Western bewilderment over a potential Chinese long-range ballistic missile and air defense system in Turkey has turned to skepticism and worry.
Turkey—a NATO member—is working on an agreement to produce this system in collaboration with China Precision Machinery Import and Export Corporation (CPMIEC), a state-owned arms manufacturer on which the U.S. placed sanctions in 2003 and February 2013 for illegally selling arms to Iran, North Korea, and Syria.
There are also more pressing concerns that could arise if Turkey resists NATO’s request and continues to pursue Chinese missile technology.
Members of Congress urged the Obama Administration to pressure Turkey to abandon its partnership with CPMIEC, expressing concern that China may exploit the system to strip classified data from NATO’s missile network.
NATO defense officials have decried the Chinese system as a “virus” and have declared that such a system would be incompatible with existing NATO missile capabilities and thus degrade the effectiveness of NATO’s missile defense shield. NATO Secretary-General Anders Fogh Rasmussen has also warned Turkey that any procurement it makes must be compatible with current NATO systems.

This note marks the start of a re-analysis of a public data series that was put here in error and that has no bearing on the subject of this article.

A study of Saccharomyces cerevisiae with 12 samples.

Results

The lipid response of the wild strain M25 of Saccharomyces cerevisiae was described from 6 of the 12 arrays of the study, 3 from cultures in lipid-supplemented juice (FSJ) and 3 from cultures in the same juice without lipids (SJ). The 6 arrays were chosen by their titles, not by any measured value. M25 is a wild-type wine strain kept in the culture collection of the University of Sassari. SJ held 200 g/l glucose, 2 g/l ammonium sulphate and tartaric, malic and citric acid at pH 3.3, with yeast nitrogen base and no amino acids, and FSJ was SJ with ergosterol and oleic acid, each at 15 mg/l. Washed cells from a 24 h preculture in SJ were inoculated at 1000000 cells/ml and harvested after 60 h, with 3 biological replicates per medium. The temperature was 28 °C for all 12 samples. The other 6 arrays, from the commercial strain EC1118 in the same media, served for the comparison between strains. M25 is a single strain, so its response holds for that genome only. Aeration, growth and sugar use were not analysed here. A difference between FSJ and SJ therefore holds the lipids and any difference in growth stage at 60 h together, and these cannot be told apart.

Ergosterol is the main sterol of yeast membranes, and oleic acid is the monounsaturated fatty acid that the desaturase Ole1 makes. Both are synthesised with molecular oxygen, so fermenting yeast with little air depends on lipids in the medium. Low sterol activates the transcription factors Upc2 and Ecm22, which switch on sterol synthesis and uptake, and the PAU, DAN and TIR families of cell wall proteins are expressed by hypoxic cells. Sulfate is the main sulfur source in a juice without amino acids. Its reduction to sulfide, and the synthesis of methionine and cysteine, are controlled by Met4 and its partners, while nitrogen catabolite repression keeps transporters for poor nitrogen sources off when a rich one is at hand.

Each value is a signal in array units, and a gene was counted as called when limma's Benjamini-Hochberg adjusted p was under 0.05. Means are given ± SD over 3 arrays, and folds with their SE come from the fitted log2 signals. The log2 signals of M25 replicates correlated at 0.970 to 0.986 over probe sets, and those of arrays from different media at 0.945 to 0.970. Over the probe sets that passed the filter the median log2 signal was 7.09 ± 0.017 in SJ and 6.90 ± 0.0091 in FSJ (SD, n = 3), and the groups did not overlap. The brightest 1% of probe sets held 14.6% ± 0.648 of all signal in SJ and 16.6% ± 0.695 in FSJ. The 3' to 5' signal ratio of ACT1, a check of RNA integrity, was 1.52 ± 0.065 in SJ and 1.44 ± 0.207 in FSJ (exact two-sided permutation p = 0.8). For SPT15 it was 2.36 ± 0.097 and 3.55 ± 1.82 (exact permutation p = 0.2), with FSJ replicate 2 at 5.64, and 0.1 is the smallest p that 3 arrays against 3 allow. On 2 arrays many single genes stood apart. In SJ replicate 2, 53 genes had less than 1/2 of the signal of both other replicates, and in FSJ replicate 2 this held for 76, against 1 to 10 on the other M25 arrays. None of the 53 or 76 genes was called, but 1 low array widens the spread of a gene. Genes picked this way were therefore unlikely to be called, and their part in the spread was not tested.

Turkish officials have claimed that the proposed system will be compatible with existing systems and that they are pursuing the Chinese bid because it is less expensive, has the potential to be co-produced, and allows for technology transfer—something of great importance to the development of Turkey’s defense industry.
Choosing the system offered by CPMIEC cannot be considered good defense policy. Turkey needs a ballistic missile defense system, especially with the growing number of ballistic missile threats in the region, but potentially making the rest of NATO vulnerable to ballistic missile attack is not the solution.
It is unclear if China is trying to drive a wedge between Turkey and NATO or Turkey and the U.S. or is attempting to diminish NATO’s effectiveness. If Turkey weighs the short-term gains associated with the Chinese bid versus the long-term gains associated with NATO compatibility and security, it would realize that choosing a system more compatible with NATO has the likelihood of producing greater benefit.
Matthew Rolfes is currently a member of the Young Leaders Program at The Heritage Foundation. For more information on interning at Heritage, please click here.